The legitimacy of basic property rights, one of the mainstays of our free enterprise system, rest in part on the public records of property ownership which are maintained by the recorders of California’s 58 counties. Whether property changes hands by sale, gift, foreclosure, court order or eminent domain, the record of that change becomes one indication of the chain of title to the property. While documents granting property from one party to another if properly executed and witnessed do not have to be recorded, unrecorded documents may be difficult to implement if later transfers are recorded. In addition to “property” documents such as deeds, easements, maps and liens which affect ownership, the recorder also is the custodian of “living” documents including birth, marriage and death certificates which have impacts on property ownership as well.
The saga of California property ownership began with the King of Spain’s original claim to all of the lands discovered in 1542. Spanish settlers began to colonize California in 1769 either as church missions, military presidios (forts), pueblos (towns) and rancheros (large individual holdings). In 1821 Mexico won independence from Spain and the Mexican government increased the rancheros from 25 to approximately 500 prior to California being annexed to the United States in 1848. During these years ranchero surveys and descriptions were kept either in Mexico or with the Alcade (village judge or mayor) of the pueblos. The documents of this period were known as “expedientes” and can still be found in some County Recorder’s offices.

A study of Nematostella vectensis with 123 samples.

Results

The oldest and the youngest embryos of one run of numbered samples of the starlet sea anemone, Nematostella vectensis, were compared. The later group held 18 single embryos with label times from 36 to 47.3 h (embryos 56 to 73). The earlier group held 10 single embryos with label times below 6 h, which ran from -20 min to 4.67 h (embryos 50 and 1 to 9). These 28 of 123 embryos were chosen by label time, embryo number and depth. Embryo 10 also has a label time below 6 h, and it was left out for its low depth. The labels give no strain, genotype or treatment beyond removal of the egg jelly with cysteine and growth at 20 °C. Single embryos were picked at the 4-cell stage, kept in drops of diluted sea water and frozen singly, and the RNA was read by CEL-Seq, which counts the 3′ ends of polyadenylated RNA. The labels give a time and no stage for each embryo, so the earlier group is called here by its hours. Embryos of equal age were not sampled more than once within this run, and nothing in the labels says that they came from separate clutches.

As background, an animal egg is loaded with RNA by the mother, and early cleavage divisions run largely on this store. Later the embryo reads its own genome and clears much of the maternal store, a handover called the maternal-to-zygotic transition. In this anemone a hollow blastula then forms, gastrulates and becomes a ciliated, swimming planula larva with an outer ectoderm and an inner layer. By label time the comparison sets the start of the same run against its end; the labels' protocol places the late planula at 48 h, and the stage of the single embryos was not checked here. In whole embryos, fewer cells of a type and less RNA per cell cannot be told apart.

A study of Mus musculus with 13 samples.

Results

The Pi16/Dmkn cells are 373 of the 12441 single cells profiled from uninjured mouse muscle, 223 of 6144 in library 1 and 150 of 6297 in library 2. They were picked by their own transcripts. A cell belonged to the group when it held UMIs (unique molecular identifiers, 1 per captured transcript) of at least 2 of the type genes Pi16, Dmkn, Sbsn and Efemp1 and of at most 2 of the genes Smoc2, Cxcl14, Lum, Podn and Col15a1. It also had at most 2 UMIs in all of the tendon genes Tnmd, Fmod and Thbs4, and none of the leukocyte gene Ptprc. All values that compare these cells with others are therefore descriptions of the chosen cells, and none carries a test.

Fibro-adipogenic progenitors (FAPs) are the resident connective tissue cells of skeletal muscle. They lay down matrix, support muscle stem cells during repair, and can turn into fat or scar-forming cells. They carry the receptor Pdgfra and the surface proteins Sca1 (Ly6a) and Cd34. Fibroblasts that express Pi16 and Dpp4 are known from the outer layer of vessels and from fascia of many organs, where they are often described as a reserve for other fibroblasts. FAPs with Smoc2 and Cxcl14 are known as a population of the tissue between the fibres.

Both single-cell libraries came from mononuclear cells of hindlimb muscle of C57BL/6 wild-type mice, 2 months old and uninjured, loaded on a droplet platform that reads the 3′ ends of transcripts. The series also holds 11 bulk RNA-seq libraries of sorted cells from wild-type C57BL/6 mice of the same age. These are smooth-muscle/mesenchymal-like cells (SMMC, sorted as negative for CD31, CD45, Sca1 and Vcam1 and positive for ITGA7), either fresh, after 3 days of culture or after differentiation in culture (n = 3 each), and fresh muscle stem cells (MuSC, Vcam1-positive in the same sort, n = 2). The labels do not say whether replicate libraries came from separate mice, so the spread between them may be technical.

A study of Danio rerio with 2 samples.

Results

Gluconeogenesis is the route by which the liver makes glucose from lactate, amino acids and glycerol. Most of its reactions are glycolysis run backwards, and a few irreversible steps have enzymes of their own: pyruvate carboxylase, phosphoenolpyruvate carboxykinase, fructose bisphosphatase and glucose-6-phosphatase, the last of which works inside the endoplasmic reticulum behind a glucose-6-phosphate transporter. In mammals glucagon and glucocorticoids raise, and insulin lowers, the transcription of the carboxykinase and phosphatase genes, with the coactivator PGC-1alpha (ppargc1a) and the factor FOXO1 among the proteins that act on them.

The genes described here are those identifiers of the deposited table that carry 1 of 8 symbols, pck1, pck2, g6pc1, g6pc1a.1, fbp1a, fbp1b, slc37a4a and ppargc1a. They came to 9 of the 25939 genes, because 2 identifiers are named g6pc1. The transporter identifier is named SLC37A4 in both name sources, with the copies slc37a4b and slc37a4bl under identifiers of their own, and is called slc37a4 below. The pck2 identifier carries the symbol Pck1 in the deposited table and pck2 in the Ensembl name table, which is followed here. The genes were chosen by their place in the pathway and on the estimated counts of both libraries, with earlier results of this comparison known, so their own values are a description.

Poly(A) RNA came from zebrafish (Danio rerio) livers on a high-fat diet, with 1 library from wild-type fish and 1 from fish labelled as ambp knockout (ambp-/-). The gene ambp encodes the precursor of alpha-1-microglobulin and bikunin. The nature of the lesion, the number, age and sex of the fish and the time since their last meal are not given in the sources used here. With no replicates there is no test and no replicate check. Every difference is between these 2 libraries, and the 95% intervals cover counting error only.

When the United States and Mexico signed the Treaty of Guadalupe Hidalgo in 1848, the rights of Mexican citizens to hold property in California were maintained. The Spanish concept of “community property” for married couples stems from this era. Because the surveys, maps and records of the Spanish/Mexican land grants were too vague for United States standards to establish ownership, procedures were adopted to authenticate those grants based on records from Mexico, pueblo archives and alcade’s records. This process often led to competing claims and, in some cases, bloodshed. Once adjudicated, United States government “patents” were issued.
Lands not covered by adjudicated patents were considered owned by the United States government and were made available to the State of California through land grant laws; the railroads to fund the construction of the transcontinental rail system and to private individuals by preemption (purchasing up to 160 acres for $1.25/acre from the federal government) or, until 1935, by homesteading (putting the land to productive use for five years).